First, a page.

The presence of American special operations troops in Wardak Province, Afghanistan, against the wishes of the Afghan government, brought protesters to the capital on Saturday. Afghan president Hamid Karzai had given the Americans until March 10 to remove all special operations troops from the province after complaints about night raids. Top American commander, general Joseph F. Dunford Jr., said that despite public demands by the Afghan president, the United States does not plan to remove the special operations forces anytime soon, but rather is trying to hand over authority to Afghan officials as quickly as possible.
The powerful Ulema council whose members are appointed by president Karzai and represent the country’s Islamic clerics, issued a threatening statement demanding the withdrawal of American forces from Wardak. The statement said, “If the Americans once again do not honor their commitments and keep on disobeying, then this will be considered as an occupation, and they may expect to see a reaction to their action.” It also refereed to the American’s as “infidels” echoing language used by the Taliban.
The 300 demonstrators from Wardak Province staged a peaceful demonstration calling for the removal of American troops. Some of the protesters were relatives of people who had disappeared in raids by Afghans who work alongside the Americans in Wardak. One young man said, “We want our missing men, dead or alive,” referring to the nine people who had disappeared after one of the night operations. A joint investigation by the Afghan government and the American forces has not been able to determine the fate of the nine people. There is little presence of regular American military units in Wardak Province so the special operations troops along with Afghan special forces units carry out the bulk of the counterterrorism operations in the area.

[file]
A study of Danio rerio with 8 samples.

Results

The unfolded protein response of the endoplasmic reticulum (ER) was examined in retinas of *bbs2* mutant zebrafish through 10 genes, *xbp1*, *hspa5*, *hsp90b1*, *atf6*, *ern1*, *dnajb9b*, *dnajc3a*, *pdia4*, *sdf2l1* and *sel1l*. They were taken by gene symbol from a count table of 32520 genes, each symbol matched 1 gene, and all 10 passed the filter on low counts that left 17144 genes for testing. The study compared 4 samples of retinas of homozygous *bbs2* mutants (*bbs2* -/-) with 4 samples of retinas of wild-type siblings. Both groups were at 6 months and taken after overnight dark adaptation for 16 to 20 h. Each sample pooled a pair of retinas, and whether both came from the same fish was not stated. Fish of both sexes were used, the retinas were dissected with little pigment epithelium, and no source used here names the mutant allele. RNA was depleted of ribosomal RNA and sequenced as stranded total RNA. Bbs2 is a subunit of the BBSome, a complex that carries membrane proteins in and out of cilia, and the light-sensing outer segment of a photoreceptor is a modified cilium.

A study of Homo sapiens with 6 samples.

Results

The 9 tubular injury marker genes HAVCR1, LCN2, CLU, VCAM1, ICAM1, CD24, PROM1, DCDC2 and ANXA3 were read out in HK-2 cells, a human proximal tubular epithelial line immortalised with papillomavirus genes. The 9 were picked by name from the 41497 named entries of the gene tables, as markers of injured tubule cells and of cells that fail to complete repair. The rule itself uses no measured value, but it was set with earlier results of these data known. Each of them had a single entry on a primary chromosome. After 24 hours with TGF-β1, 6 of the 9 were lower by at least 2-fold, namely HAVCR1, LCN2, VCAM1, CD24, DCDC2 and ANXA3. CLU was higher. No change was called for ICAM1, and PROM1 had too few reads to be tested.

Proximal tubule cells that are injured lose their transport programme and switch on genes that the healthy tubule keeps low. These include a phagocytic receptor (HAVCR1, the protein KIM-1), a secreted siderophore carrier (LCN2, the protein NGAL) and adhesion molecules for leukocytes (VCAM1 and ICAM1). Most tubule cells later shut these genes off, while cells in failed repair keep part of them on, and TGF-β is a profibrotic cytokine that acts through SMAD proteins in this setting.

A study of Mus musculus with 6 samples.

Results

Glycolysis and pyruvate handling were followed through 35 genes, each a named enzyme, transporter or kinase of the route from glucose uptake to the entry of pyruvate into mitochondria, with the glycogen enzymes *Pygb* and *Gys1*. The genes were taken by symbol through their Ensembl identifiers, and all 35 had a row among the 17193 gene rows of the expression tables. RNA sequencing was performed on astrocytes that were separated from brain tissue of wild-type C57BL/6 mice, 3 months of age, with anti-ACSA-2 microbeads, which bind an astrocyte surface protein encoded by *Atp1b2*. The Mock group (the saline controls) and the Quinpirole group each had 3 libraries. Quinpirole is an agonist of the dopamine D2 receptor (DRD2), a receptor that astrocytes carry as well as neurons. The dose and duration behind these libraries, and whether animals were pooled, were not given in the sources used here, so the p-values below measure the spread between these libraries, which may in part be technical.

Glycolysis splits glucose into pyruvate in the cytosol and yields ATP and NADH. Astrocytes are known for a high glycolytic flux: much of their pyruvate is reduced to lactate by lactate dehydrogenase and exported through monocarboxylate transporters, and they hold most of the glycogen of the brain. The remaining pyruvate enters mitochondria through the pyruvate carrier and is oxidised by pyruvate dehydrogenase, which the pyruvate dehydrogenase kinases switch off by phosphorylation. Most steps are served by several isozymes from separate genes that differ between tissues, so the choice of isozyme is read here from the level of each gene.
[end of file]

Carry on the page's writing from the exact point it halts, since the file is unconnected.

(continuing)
General Dunford said that “there are plans to develop a long-term security plan in conjunction with Afghan security forces to transition Wardak in a responsible, deliberate way.” He also said that he “will work very closely with [Afghan] security forces to develop a transition plan for Wardak Province.”
Early March 11, an Afghan police officer opened fire on American special operations troops and Afghan forces in Wardak, killing two Americans. Then, citing disputes with the Afghans over Wardak and recent “inflammatory” comments from president Karzai, General Dunford issued an advisory to top commanders warning them to be on alert.
President Karzai has not commented on the Americans not leaving Wardak although he held a meeting with elders with which he spoke of the issues. According to his press office, “The president called relations between Afghanistan and America complicated and said that the recent problems in relations, such as lack of clarity in the fight against terrorism, complete transfer of Bagram prison to Afghan sovereignty, continuation of civilian casualties and lack of respect to national sovereignty of Afghanistan have caused problems between the two countries.”
The Afghan president also praised the role of the United States in Afghanistan calling the United States “a friend and a strategic ally.”